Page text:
Why Bono is the focus of begrudgery in Ireland
In 1882 a young man of just 17 years of age left his village in East Mayo and, like so many before him, headed for America. He had little education and few prospects but, a highly intelligent and creative individual, he found a successful niche for himself in the new World. He became an insurance salesman and a few years later, by dint of application, personality and ability, a millionaire.
When he returned around 1898 to visit his native village, he stayed in the hotel in the local town and word spread about his success and his generosity. As anyone who knows anything about Irish life could predict, the hangers-on listened attentively to him (as long as he was buying drink) and the local big-wig came to resent the diminution in his own status.
Later he was cheered off at the local train station but no sooner was he out of sight than a campaign of vilification started – questioning his motives, spreading false rumours about the source of his wealth and, effectively, defaming him.
He felt compelled to return and defend himself, threatened legal action against the big-wig who defamed him and settled the business out of court by forcing his opponent to contribute a huge cheque to the building of a local church.
You could write the script. Drink and envy, two deadly Irish components of life.
There’s something in the Irish character that insists on taking down anyone who makes a success of life, if they give any appearance at all that they relish their success. Isn’t he full of himself? I knew him when he hadn’t tuppence to rub together. Who does she think she is? Far from grandeur she was reared – and all the rest of it. A definitive Irish characteristic is our resentment of people ‘getting notions’. We wish others to do well but not too well in case their success might reflect on our own comparable lack of success.
It’s a peculiar characteristic. Envy, of course, is a natural human response and it’s not confined to Ireland but there is a distinctive Irish version, a virus that eats away at us and that corrodes our minds and spirits and ends up warping us into embittered versions of our original selves.
We have our ways in Ireland. The most popular person in Ireland can very quickly become the most unpopular.
The examples are legion. Some years ago the Sunday Independent, an astute institution that has its finger on the pulse of Irish life, recognised early on the Irish passion for envy and seemed almost to raise to a policy level the task of taking down the most popular people in Ireland. Eamon Dunphy, in a period of his journalistic career he has since publicly regretted, famously gave Pat Kenny, the Sunday Independent treatment. And John Hume, a political saint if ever there was one, was often unfairly criticised in the same way. It was unfair, scurrilous and unacceptable but it successfully mined the envy seam at the heart of Irish life and, as a result, it sold newspapers.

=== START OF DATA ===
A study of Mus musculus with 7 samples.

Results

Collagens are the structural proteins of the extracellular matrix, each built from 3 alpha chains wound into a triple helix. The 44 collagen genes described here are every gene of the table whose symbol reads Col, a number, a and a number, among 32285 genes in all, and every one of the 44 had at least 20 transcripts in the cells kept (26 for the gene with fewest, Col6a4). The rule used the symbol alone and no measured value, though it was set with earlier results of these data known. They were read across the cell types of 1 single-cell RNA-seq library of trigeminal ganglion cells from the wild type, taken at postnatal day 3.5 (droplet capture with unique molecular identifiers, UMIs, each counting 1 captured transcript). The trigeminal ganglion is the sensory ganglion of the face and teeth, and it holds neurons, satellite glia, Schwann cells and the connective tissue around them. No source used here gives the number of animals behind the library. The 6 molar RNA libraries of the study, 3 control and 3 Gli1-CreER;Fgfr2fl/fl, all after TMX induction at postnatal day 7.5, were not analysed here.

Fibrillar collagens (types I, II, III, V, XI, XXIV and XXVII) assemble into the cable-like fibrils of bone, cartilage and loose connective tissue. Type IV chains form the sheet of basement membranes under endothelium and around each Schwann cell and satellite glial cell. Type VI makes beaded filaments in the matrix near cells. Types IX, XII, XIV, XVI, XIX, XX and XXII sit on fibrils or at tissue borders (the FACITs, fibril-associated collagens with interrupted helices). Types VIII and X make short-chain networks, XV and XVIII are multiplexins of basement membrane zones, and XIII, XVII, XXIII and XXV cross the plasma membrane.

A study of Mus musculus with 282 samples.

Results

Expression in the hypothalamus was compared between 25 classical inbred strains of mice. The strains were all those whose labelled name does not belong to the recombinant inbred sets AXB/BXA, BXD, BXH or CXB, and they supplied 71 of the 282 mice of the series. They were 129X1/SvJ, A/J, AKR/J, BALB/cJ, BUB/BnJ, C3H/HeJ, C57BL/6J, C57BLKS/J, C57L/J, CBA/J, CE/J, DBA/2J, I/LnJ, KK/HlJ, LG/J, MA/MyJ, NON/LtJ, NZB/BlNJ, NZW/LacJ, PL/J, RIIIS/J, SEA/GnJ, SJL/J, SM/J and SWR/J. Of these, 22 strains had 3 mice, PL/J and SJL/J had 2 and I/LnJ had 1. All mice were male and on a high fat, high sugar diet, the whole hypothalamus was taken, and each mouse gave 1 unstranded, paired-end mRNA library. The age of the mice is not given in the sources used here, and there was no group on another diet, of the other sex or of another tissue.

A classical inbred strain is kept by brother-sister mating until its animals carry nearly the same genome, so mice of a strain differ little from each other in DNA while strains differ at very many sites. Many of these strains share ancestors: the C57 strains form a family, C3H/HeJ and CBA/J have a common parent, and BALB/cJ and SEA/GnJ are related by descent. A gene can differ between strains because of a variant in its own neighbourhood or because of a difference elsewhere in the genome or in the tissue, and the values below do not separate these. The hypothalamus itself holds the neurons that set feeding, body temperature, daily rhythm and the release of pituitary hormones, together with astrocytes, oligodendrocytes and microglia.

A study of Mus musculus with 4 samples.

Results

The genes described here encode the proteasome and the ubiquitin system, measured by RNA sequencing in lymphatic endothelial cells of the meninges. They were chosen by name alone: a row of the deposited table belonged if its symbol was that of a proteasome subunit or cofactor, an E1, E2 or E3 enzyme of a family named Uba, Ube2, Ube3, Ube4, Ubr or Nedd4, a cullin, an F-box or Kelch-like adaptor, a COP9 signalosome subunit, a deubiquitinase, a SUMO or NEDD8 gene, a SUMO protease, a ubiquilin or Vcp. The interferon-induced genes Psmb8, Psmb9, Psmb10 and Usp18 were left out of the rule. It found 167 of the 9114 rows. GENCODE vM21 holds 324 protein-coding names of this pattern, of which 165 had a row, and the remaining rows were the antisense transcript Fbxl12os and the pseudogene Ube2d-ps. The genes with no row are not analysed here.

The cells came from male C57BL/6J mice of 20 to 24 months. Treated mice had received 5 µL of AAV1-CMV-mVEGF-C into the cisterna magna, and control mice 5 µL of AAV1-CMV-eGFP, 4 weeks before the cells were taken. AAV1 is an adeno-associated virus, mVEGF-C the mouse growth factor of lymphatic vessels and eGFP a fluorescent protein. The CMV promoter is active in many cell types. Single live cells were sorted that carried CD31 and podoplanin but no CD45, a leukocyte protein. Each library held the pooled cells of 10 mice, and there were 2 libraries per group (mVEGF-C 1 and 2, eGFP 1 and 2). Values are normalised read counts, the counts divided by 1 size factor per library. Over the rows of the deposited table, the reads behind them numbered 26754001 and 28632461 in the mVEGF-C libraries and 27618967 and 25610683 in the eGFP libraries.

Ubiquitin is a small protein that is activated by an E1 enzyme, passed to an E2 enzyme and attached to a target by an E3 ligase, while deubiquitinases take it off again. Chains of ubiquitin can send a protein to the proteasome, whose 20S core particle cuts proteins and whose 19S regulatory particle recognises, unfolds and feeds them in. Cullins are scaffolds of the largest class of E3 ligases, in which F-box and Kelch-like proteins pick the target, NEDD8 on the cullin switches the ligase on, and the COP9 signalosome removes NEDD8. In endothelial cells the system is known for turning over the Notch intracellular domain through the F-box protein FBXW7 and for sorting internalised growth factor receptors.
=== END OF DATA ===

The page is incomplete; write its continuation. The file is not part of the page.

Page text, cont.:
Now, Bono is the latest victim. Harry Browne has written a new book, The Frontman, which is effectively a hatchet-job on Bono, blaming him for everything except the rain. Much is made of Bono’s and U2’s tax-exemption status, his penchant for mixing with the great and the good, his signature shades (or sun-glasses to you and me) and his almost cult-like status in Ireland.
The book was written before Bono had lunch with the daughters of Barak Obama in Dublin on their recent visit but that publicity stunt, an effort to maximise press coverage of the visit in the USA with a view to encouraging tourism, would have been grist to Browne’s mill. Browne’s point is that Bono is a self-publicist who has allowed himself become the acceptable face of capitalism and that he’s either an ego-tripper or deluded.
It could be, of course, that unlike other millionaire pop-stars, instead of skulking away in a private world counting his millions and opting for a life of drugs, sex and rock-and-roll, Bono decided that he had responsibilities to do what he could to focus on important issues (like world hunger, poverty, etc) by using his celebrity status.
The only thing I don’t like about Bono is his music. Apart from that, no one could reasonably expect him to give up his business; or to clean the streets; or go on the missions. But despite the fact that he clearly has a social conscience, is a practising Christian, has a sense of humour and is a good egg to boot, he admirably fits the description of someone who could be presented as a likely target for the definitive begrudgery at the heart of the Irish psyche. J-o-e D-u-f-f-y, this should keep you going for weeks.
Adi Roche, whose Chernobyl project has helped so many sick children and whose charity has been financially the recipient of Bono’s generosity and his wife’s commitment, suggests that the public should not buy Browne’s book. It is an admirable though naive response in that there isn’t an author in the world who doesn’t want someone to tell the world NOT to buy their book. Bestsellers have been created out of less.
Envy is a joke God plays on us, testing us to see if we are able to allow others their success without turning into miserable, crabbed and bitter people. And everyone is susceptible to it. Traditionally clergy have an unenviable reputation for being envious.
There’s even been, for centuries past, a Latin phrase to describe it – invidia clericalis (clerical envy). And, like human nature, clergy tend not to change from century to century. Earthen vessels and envious as well with the possibility that, as old age creeps up on us, we can end up twisted and bitter, because we imagine others are stealing the limelight from us. Sad.